In some instances, flying off the radar is necessary. Whether you’re settling into a new city, tending to family, or regrouping after a season of overload, for the most part, being MIA is justified. Even so, I’ve come to realize that there’s a fine line between taking time away out of necessity and taking time away (and subsequently choosing to stay away) because it beats the alternative. Over the last year and a half, I’ve traversed this line with ease, but some days, it leaves me feeling unsettled.
True enough, I’ve had plenty of reasons to be out of touch with my usual social circles, but if I’m honest, I’ve chosen to stay out of touch because I’ve grown accustomed to it. Most days, I don’t want to participate in conversations that force me to talk about where I’ve been and what I’ve been up to. Additionally, I don’t want to get caught up in situations where I have one too many first encounters — the kind that typically result in the get-to-know-you/me type of conversations, which require far too much effort.
Somewhere along the line, flying off the radar — both physically and emotionally — became the norm, and now that I’m trying to increase my visibility and live more fully in the present, I feel somewhat crippled. Things that used to come natural to me feel more and more unnatural. Things that used to bring me joy, like inviting people into my world, make me feel anxious.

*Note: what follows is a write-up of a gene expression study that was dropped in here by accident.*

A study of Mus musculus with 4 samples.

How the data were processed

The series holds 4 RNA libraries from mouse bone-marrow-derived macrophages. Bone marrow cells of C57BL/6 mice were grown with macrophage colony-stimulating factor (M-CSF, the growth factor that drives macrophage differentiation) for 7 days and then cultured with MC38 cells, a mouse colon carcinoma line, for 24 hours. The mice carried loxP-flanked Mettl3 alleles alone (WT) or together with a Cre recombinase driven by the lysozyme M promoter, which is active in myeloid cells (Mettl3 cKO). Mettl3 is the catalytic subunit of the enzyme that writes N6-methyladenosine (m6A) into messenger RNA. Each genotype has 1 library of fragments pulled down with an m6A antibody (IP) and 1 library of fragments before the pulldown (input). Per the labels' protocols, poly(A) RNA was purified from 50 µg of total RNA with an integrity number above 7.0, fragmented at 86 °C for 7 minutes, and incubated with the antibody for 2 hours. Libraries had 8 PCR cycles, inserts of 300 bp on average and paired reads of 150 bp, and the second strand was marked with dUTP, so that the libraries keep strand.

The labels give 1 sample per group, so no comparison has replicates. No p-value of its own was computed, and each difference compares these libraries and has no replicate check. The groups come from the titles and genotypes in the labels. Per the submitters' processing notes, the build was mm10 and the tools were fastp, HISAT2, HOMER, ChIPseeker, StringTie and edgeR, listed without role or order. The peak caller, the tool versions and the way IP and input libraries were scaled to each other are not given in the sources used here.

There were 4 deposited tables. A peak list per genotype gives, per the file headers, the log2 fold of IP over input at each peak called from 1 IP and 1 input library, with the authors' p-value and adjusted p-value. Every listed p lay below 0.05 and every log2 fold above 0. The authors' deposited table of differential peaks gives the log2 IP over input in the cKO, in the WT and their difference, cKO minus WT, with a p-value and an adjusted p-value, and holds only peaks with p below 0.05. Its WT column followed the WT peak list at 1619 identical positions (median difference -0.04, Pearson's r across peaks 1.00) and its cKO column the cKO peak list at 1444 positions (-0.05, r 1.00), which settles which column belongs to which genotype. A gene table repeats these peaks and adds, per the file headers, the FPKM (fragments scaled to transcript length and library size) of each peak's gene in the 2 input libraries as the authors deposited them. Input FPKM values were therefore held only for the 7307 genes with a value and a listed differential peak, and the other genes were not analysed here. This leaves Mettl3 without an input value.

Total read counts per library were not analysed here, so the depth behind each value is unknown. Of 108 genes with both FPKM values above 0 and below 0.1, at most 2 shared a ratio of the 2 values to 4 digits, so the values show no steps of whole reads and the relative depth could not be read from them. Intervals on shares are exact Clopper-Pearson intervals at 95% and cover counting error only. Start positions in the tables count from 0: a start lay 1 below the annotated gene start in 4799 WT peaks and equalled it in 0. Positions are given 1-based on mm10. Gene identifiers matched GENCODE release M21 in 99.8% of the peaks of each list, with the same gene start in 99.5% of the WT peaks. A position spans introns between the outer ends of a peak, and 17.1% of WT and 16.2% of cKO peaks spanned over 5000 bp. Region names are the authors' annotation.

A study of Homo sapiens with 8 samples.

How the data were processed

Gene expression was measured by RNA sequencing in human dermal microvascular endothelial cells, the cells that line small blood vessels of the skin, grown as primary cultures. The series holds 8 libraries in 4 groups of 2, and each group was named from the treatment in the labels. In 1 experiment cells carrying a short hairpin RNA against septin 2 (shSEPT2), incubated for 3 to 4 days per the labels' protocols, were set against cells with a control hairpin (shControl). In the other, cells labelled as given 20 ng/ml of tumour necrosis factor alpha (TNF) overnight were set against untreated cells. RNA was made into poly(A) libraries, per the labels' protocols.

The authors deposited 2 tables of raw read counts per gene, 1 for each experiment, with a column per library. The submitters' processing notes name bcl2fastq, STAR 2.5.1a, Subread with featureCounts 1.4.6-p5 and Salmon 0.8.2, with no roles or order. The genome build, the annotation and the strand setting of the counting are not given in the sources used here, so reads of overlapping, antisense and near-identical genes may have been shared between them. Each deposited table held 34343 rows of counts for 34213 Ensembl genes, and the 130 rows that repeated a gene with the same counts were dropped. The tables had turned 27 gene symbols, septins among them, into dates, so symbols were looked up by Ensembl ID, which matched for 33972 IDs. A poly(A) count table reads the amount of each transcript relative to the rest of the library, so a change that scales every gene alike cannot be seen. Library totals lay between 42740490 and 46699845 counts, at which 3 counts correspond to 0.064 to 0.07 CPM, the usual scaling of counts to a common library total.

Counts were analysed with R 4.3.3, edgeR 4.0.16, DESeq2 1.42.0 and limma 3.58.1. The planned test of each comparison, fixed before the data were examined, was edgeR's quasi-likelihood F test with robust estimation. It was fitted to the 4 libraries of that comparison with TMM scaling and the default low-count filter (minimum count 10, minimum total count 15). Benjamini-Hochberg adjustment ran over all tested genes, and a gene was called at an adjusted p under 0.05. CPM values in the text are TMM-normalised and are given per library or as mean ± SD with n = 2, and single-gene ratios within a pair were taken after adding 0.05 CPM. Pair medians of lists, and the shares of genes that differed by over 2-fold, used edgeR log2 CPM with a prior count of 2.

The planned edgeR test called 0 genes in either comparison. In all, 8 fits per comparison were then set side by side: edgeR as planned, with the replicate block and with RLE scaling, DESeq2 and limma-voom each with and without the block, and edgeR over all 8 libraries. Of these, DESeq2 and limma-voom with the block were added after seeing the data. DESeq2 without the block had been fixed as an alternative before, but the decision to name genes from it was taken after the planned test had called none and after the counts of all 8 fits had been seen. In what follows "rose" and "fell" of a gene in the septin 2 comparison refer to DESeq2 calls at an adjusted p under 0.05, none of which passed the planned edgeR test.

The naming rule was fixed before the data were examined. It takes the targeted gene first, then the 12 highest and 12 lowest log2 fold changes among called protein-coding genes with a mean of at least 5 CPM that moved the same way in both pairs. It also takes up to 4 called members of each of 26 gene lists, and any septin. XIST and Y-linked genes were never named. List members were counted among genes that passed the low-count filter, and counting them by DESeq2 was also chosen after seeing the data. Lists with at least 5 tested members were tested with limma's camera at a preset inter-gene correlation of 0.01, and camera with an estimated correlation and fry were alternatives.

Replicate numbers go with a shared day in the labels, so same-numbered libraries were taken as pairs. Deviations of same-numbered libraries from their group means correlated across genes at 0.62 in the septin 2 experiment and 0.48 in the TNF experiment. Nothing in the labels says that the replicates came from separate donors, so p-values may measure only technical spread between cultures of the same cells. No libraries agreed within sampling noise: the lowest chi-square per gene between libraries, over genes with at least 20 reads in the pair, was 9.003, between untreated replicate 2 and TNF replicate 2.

Throughout this season of my life, my core group of friends, or the people I like to call my teammates, have been my refuge. Although I can’t see or speak to them every day, for the most part, they understand where I am and don’t feel the need to push me further than where I want to go at this time. I’ve invited them to here and there, but they quickly remind me that it’s going to take some time before I feel like myself again — before I feel like I can fly more freely and openly in what used to be familiar territory…before I feel like I can trust again.
At the top of the year, instead of making a New Year’s resolution, I said to myself that I would take my life back and come out of hiding; however, when my extroverted-turned-introverted self realized how challenging this would be, I became frustrated and allowed fear to set in. The thought of being defined by the hurt that entered my life over a year ago, in the middle of what was already a difficult period, felt overwhelmingly scary. The thought of never feeling healed to the point of coming out of isolation felt like the unhappiest of endings — like I could disappear from this life, and out of pain (and the captivity thereof), never return.
Readers, this is where I am today, and I’m almost certain that I don’t want to stay much longer. TBC.